What are the best defenses to a child pornography charge?

>>What are the best defenses to a child pornography charge?

Defending child pornography offences in Canada is very difficult, and the best defences to your charge will depend on the specific circumstance of you case. However, one way of defending a child pornography charge is to rely on the statutory defence set out in section 163.1(6) of the Criminal Code. According to this section, you cannot be convicted of a child pornography offence if the material in question meets two criteria:

  1. It was produced for a legitimate reason related to the administration of justice, or if it is related to science, medicine, education or art.
  2. It does not pose an undue risk of harm to persons under the age of 18 years.

When determining whether the material was made for a legitimate purpose, the court will look to see whether there is an objectively reasonable connection between the material and the alleged purpose. Even if the court finds that the pornography was made for a legitimate purpose, they can still find that the material is unlawful if it poses an undue risk of harm to individuals under 18. The material will pose an undue risk of harm if a reasonable person looking at the material would determine that it creates objectively ascertainable risk physical or psychological harm to children.

Another common defence to a child pornography charge is to argue that you did not know that the person depicted was under the age of 18 years. However, this is not always an easy defence to raise. In accordance with section 163.1(5) of the Criminal Code, you can only use this defence if you can demonstrate that you took all reasonable steps in the circumstances to ensure that the person was at least 18 years of age. A failure to do so can ultimately result in your conviction for this offence.

If you have been charged with possession of child pornography, you can sometimes argue that you did not have the level of control required to be found guilty of a possession offence. Because in law the concept of possession requires that you have at least some control over the item in question, you can argue that simply viewing pornography stored in a location on the Internet is not enough for you to be found guilty of possessing the images. However, bear in mind that you can still be found guilty of the lesser offence of accessing child pornography.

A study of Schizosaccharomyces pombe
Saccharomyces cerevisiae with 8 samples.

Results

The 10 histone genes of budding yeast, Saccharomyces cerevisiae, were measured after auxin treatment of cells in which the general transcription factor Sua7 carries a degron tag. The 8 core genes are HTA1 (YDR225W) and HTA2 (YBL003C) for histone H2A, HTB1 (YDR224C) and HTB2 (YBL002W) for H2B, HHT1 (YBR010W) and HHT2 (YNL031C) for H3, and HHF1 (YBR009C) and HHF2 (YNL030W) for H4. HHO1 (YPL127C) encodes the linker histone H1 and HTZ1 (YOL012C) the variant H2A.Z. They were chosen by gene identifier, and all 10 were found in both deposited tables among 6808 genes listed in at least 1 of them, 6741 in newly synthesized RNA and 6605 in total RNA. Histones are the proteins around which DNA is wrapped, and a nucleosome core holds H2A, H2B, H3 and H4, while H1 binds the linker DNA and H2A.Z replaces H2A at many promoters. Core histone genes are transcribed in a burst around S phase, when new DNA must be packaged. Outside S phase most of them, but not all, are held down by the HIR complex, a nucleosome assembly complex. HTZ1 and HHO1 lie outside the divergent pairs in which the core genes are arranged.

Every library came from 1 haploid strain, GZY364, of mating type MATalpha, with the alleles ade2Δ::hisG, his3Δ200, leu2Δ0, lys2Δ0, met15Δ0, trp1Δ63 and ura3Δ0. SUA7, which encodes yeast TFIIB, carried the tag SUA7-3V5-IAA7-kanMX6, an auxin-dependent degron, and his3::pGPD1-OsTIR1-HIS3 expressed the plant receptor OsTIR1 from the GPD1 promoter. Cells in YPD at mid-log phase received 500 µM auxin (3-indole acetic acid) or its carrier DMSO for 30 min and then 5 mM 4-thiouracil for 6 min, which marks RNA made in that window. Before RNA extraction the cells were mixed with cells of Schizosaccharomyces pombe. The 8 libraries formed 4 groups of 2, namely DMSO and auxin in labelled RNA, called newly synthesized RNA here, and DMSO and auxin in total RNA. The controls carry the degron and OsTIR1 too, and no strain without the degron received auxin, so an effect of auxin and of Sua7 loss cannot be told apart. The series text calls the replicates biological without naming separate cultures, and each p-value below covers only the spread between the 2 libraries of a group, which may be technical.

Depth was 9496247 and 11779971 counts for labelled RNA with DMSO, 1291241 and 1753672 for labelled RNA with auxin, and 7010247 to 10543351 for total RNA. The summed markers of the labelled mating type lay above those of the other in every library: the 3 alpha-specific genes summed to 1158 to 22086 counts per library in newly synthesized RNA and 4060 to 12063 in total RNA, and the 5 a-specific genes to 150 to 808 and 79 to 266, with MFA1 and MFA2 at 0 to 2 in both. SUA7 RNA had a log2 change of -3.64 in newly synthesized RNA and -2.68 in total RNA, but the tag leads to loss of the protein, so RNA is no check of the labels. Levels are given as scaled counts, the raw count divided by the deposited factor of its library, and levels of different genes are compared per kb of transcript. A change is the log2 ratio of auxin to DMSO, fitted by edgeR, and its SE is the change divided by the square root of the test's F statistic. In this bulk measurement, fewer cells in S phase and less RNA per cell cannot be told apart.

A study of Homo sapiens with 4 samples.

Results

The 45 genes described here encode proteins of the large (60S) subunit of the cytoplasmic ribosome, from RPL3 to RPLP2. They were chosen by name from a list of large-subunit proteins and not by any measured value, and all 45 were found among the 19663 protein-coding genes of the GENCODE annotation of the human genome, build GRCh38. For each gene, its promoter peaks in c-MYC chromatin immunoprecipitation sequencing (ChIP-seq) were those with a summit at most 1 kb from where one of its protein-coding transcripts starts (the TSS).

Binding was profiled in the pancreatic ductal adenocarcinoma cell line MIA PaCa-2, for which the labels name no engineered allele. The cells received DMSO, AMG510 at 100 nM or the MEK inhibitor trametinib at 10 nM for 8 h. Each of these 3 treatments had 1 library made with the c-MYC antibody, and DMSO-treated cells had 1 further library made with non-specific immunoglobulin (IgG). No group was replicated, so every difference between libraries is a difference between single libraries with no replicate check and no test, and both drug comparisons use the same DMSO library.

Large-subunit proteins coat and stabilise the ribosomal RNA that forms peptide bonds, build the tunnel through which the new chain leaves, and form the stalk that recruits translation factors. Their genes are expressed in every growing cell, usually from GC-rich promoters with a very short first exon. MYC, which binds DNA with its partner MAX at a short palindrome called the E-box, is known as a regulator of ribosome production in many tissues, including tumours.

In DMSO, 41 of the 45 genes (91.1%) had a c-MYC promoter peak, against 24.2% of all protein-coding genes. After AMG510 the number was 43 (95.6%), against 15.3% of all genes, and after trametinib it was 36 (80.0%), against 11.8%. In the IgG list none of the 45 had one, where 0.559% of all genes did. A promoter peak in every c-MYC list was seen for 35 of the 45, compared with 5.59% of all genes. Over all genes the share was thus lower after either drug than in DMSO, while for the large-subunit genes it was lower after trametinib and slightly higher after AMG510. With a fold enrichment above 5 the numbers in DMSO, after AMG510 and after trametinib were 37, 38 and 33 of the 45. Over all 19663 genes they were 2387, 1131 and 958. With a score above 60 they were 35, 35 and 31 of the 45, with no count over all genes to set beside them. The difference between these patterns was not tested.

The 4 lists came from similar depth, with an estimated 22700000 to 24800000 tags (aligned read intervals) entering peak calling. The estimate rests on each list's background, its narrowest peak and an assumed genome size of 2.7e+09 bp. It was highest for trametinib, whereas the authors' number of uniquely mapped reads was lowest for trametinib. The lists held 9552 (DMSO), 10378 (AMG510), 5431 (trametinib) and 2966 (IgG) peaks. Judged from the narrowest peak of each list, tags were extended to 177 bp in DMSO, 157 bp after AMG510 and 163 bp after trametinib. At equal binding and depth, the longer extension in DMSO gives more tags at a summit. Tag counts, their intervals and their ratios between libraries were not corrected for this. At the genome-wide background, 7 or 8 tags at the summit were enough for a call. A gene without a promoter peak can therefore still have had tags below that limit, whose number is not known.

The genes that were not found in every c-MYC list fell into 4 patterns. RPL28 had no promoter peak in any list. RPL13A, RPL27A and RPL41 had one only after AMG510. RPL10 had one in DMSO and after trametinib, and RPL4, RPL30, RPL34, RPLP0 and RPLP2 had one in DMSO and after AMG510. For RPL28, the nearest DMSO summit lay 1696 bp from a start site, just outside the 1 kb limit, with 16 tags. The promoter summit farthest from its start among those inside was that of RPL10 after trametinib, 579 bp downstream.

Lastly, one of the most effective ways to defend a child pornography charge is by arguing that the evidence against you was unlawfully obtained. This can be done by making a Charter motion, or an argument that the evidence was gathered in violation of the rights guaranteed to you by the Canadian Charter of Rights and Freedoms. In Canada, section 8 of the Charter guarantees that we all have a right to be free from unreasonable search and seizure. Sometimes when the police are investigating a crime, they will take actions that deliberately or accidentally violate your section 8 Charter rights. If this is the case, you can then argue that any evidence that the police gained during the violation should be excluded from trial. In this way, much, if not all of the evidence against you can be excluded from your trial and you could potentially be acquitted of the offence.


  1. Gathering of some personal information about you, such as your level of education, occupation, and citizenship status. This information can be crucial for building your defence and seeking a resolution with the Crown Prosecutor;
  2. Careful review of all documents you received from the police. We will explain what each document is, and what you can expect from and need to do for all upcoming appearances;
  3. Critical review of your recollection of events, and any supporting materials you choose to bring with you. This step helps us identify possible defences and avenues for further investigation; and
  4. Discussion of the court process, our fee structure, and what we can do to help.

Beyond these steps, we would be happy to tell you more about us, and answer any questions you may have. If you chose to retain us to help you, we will immediately provide an overview of what steps we plan to take next, and suggestions as to what you should do to improve your chances of a successful outcome.

  • Photo ID; and
  • Any supporting documents, such as photographs, emails, texts, phone records, medical records, receipts, etc.

Ideally, you will have prepared a copy of these materials for us to keep, but if not, we can always photocopy them during the consultation.


  1. how complex your case is,
  2. how serious the charges are, and
  3. how experienced the Criminal Defence lawyer is.

The fees of a competent Criminal Defence Lawyer will typically range into the thousands of dollars. The good news is that only a fraction of that amount is due initially. We offer flexible payment schedules so thefees can be paid in monthly installments.